Fix Common Problems with macOS Time Machine


Time Machine is a great, convenient backup tool, but it doesn’t always work perfectly. Fortunately, the most common problems have relatively straight-forward solutions. Here are some fixes for common problems with macOS Time Machine.

Time Machine won’t back up

After updating to Sierra or High Sierra, some users find that Time Machine simply won’t back up. Fixing the problem requires an SMC reset and a PRAM reset.

SMC Reset

1. Shut down your Mac.

2. If you can remove the battery or disconnect the power cable, do that. Wait ten seconds before proceeding.

3. If you cannot disconnect the power, use a keystroke instead. After your Mac shuts down, press Shift + Control + Option on the left side of the built-in keyboard, then press the Power button at the same time. Hold these keys and the power button for ten seconds.

4. Plug the power cable back in or replace the battery if you removed it.

PRAM Reset

1. Turn on the computer.

2. Press and hold Command + Option + P + R. Continue holding the keys down until the computer restarts again and you hear the startup chime twice.

3. Continue booting as normal.

Drive is read-only

If your drive’s permissions have been damaged, you will often be prevented from writing to the disk. To address this problem, you can try to repair the problems with the disk. The simplest method requires diskutil in Terminal. Keep in mind that this can be a result of early problems with the disk itself. It might indicate that there’s a problem with the drive. You may need to consider replacing the drive if this problem appears more than once.

1. Open Terminal from “Applications/Utilities/Terminal.app” or type “Terminal” into Spotlight.

2. List the attached disks by typing diskutil list and pressing the Enter key.

3. Locate the partition used for Time Machine. Find the device and disk number, formatted like disk1s5, as in our example. Look for your disk by the name you’re familiar with in the middle column, under “Name.”

4. Verify the volume by typing diskutil verifyVolume [volume name]. In our example we would use diskutil verifyVolume /dev/disk1s5.

5. If you find any errors, run disktuil repairVolume [volume name]. If you continue to have problems with the drive, you can try erasing and reformatting it. And if that doesn’t work, it might be time to replace the hard drive or use a different hard drive for important backups.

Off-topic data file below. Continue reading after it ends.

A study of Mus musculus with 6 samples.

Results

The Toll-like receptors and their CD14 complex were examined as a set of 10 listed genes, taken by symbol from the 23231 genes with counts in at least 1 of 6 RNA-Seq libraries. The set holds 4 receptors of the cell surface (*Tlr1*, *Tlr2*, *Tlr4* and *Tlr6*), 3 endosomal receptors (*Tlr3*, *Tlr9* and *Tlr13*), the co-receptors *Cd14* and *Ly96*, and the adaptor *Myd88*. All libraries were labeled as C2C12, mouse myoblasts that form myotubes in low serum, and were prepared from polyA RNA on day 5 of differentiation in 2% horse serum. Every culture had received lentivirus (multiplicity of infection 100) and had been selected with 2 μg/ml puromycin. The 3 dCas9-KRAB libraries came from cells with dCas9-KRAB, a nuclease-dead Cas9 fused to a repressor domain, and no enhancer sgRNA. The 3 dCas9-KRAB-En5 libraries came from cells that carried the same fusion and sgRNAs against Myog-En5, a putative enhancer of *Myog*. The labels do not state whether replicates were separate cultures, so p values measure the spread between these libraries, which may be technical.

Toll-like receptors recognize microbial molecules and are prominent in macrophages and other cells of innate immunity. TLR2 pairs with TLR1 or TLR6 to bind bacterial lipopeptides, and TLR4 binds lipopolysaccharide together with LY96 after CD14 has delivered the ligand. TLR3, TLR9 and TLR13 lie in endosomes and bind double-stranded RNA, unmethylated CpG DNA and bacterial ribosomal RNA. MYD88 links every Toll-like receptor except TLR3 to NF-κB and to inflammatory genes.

Time Machine hangs on “Preparing Backup”

One of the most common bugs in Time Machine involves hanging on the beginning of the backup process.

If the Time Machine process is starting or appears to be lagging, open the Time Machine preference pane in System Preferences.

Look for the text underneath the Time Machine progress bar.

If the backup is progressing properly, it should show the number of items remaining to be processed. That number should be steadily, if slowly, increasing. If you don’t see that number increase over 30 minutes, you’ll need to take action.

Troubleshooting the Problem

1. Uncheck the box next to “Back Up Automatically” in the Time Machine preference window. This will disable Time Machine and stop any backup processes.

2. Make sure Spotlight is not indexing your backup by adding your Time Machine volume to the Privacy pane of the Spotlight preferences window in System Preferences.

3. Find and remove the “.inProgress” folder. You’ll find that folder in the “Backups.backupdb” folder on your Time Machine drive. It will have a name like 2018-05-04-175540.inProgress. When you find that folder, delete it.

4. Turn Time Machine back on. Time Machine should now be free to resume its backups.

Time Machine Uses Boot Disk Space

Time Machine makes backups even when your Time Machine drive isn’t connected to your computer. These are called local backups, and they’re stored on your primary hard drive. They can take up a huge amount of space on storage-starved laptops. If you’ve got a big “Other” or “Backups” section in your storage details, these might be the culprit. They’re actually a clever idea, providing access to previous versions of files even when your backup drive isn’t connected. But if you can’t spare the space, you can disable the service with the command below.

sudo tmutil disablelocal

That command will turn off local backups. You can turn them back on with the command below.

sudo tmutil enablelocal

Conclusion

Time Machine is extremely convenient, but it can be a troublesome backup tool. While it has become more reliable since its introduction, problems still occur. Time Machine shouldn’t be your only backup tool, but it is useful as part of your backup process.